Mentoring is “crucial” to the development of advanced practice pharmacists, according to the results of a survey of hospital pharmacists in Scotland.
Some 11 out of 20 pharmacists interviewed for the survey — all of whom worked for NHS Greater Glasgow and Clyde — said a one-to-one relationship with a more experienced pharmacist would help their professional development.
The 20 pharmacists surveyed had all previously completed NHS Education for Scotland’s Pharmacist Foundation Framework Training Programme and were now transitioning to advanced practice. Researchers at the University of Strathclyde and NHS Greater Glasgow and Clyde asked these pharmacists to self-assess their competencies in six areas using the Royal Pharmaceutical Society’s advanced practice framework advanced stage one.
Participants self-reported high levels of competence in two areas: expert professional practice and collaborative working relationships. In both these areas, a median of 19.5 participants reported that they could provide evidence to meet these competencies.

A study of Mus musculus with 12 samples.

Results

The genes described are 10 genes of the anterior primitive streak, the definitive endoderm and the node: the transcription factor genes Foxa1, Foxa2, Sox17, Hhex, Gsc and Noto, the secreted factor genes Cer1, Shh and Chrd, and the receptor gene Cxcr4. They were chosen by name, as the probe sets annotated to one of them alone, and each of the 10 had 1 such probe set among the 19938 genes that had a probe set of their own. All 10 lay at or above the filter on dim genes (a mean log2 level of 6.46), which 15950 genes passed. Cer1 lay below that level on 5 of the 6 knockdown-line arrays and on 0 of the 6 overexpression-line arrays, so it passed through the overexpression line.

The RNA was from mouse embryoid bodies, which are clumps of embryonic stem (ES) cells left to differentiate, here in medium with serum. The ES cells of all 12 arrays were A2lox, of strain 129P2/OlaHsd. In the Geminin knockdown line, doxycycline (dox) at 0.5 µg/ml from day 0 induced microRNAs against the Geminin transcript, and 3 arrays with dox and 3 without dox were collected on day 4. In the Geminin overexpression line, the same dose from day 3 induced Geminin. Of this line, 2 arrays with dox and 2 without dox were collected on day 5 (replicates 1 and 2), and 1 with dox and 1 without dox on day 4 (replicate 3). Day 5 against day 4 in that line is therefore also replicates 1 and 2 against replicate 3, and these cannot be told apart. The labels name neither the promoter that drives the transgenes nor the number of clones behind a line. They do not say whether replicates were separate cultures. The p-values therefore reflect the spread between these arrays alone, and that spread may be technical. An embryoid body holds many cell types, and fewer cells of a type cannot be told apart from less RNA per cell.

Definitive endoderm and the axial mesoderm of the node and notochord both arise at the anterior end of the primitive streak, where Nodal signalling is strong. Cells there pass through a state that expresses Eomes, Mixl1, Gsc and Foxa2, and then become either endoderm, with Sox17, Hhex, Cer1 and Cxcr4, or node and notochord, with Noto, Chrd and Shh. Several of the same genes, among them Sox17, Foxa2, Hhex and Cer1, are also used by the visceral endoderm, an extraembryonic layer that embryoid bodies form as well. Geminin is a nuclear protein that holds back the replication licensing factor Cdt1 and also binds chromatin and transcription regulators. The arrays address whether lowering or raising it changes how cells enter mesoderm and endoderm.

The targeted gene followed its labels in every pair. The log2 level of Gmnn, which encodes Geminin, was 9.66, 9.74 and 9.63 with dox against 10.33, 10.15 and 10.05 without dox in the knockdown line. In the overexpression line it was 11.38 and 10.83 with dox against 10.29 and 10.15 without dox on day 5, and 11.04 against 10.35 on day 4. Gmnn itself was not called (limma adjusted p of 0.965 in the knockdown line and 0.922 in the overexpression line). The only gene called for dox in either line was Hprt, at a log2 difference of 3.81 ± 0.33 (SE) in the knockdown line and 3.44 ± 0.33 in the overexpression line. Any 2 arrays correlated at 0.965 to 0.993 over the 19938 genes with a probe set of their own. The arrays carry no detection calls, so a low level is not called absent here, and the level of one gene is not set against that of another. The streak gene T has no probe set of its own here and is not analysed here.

But participants reported that they felt less confident in the three areas of management, leadership, and research and evaluation.
Management scored the lowest, with a median of eight participants reporting competence in this area. The median figures for leadership and research and evaluation were 13 and 10, respectively.
Asked how they could be supported to develop these competencies, participants expressed, in addition to a strong desire for mentoring, a need for more opportunities to develop their practice, including taking postgraduate qualifications. Greater support from management was seen to be essential in this. A strategic plan for ongoing professional development was equally seen as vital, with some participants reporting a lack of knowledge and/or understanding of their organisation’s current position on post-foundation professional development.